He said in a statement: "It has been a great privilege to get to know my Debenhams colleagues over the past three years". The stalwart of British shopping districts, which has struggled to keep pace with Amazon.com Inc. and other online retailers, said discounting will likely hurt its gross margin in the first half, following three profit warnings previous year.
Chief executive Sergio Bucher was also not re-elected, receiving 44.15 per cent of shareholder votes as a result of the same two major shareholders. Cheshire joined the board in January 2016 and was appointed chairman in April 2016.
The discounter saw a 33% uplift in sales of its premium Deluxe range over the six weeks to December 30, with bestsellers including brioche burger buns and luxury mince pies. It is closing up to 50 of its stores and is seeking new finance.
Ashley, who owns almost 30% of Debenhams shares through Sports Direct, teamed up with the billionaire owner of Milestone Resources, Micky Jagtiani, who has a 7% stake, to vote the two directors off the board at an annual general meeting on Thursday night.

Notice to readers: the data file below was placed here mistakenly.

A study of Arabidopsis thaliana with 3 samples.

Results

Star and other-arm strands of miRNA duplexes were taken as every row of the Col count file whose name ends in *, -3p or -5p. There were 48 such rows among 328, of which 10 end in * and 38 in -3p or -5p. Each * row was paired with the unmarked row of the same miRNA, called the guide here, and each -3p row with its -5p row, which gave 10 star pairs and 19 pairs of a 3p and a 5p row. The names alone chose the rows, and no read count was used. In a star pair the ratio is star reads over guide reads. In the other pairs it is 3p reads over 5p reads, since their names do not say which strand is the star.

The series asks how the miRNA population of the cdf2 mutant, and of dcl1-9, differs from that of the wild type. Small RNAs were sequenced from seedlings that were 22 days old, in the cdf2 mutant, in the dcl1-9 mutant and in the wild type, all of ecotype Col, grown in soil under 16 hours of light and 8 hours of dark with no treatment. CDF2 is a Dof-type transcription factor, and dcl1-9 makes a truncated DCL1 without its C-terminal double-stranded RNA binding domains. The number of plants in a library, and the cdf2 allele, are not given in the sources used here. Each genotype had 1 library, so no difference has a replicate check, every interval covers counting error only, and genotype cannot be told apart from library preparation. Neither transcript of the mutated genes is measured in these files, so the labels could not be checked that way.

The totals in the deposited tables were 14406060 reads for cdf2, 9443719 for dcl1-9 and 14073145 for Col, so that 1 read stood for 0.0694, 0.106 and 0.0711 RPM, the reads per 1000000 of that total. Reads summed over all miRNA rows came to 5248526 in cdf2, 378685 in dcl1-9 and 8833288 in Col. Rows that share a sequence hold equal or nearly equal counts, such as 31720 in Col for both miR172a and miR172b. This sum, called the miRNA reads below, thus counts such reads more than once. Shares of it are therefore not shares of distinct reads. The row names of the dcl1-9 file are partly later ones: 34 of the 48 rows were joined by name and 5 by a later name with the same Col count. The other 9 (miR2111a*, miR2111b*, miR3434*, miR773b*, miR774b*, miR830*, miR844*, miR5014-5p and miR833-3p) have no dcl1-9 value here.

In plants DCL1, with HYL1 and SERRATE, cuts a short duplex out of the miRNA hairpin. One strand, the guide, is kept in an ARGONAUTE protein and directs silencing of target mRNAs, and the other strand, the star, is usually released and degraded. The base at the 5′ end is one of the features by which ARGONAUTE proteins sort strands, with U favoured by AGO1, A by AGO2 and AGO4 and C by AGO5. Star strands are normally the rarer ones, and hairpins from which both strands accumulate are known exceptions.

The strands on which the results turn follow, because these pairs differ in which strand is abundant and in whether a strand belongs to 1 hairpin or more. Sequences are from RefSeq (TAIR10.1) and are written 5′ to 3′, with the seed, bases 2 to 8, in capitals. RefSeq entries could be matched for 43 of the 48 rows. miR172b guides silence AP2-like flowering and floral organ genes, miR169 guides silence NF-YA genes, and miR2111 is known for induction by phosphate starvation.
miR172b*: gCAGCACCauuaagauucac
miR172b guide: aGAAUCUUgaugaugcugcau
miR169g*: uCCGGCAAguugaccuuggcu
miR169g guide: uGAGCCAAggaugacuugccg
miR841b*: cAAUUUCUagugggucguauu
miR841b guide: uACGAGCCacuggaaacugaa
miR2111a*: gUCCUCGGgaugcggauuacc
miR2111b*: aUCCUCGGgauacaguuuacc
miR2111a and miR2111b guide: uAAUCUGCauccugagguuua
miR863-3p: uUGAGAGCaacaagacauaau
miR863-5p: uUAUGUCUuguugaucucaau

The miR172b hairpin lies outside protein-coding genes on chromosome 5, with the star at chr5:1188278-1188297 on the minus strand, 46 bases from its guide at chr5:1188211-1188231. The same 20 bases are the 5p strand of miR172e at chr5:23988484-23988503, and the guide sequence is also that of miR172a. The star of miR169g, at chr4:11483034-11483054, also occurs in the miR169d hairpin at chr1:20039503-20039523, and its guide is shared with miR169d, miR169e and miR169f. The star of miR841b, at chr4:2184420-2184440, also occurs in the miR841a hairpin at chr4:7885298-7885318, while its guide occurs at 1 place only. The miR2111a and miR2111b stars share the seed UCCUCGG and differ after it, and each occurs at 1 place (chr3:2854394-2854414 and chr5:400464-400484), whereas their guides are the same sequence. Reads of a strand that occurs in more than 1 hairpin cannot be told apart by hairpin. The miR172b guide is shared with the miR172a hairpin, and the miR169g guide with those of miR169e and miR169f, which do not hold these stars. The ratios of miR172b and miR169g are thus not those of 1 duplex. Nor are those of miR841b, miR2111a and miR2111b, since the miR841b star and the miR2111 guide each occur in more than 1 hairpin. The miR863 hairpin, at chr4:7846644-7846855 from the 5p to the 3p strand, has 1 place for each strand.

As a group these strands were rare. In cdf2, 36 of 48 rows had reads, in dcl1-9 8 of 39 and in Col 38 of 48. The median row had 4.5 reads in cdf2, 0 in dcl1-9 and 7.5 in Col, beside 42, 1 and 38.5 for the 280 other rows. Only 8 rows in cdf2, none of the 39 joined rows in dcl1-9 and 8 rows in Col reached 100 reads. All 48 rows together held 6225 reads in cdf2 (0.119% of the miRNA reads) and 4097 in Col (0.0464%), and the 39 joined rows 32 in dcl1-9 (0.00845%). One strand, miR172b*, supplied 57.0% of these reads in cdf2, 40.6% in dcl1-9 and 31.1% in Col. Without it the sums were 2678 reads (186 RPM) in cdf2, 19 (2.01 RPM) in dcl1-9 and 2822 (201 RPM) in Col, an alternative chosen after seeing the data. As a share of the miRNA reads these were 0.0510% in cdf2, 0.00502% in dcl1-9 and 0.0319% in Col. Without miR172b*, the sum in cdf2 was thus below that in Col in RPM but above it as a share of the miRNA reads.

A total of 56% of shares voted were against the re-election of both directors. Debenhams said it has "full confidence in Sergio and in the management's plan to reshape the business".
Sports Direct bought House of Fraser out of administration for 90 million pounds ($117 million) a year ago.
The department store group, which is pushing ahead with a major restructuring programme, saw like-for-like sales fall 3.4 per cent in the six weeks to 5 January, weighed down by its core United Kingdom market where sales were 3.6 per cent lower.
Duddy said "I recognise that individual shareholders have wished to register their dissatisfaction".
However, the firm said it remained on track to deliver on profit expectations defying City predictions that it would issue a fresh earnings alert. The votes came after Debenhams turned down a 40 million-pound ($51.3 million) loan offer from Ashley.
Chairman, Ian Cheshire, stepped down immediately and was temporarily replaced by Terry Duddy, the senior independent director. The company said it still expected to meet profit targets - but only after £30m of additional cost savings, starting with a hiring freeze at its head office and the earlier than planned closure of its Lodge Farm distribution centre in Northamptonshire. Those talks were "constructive", he said.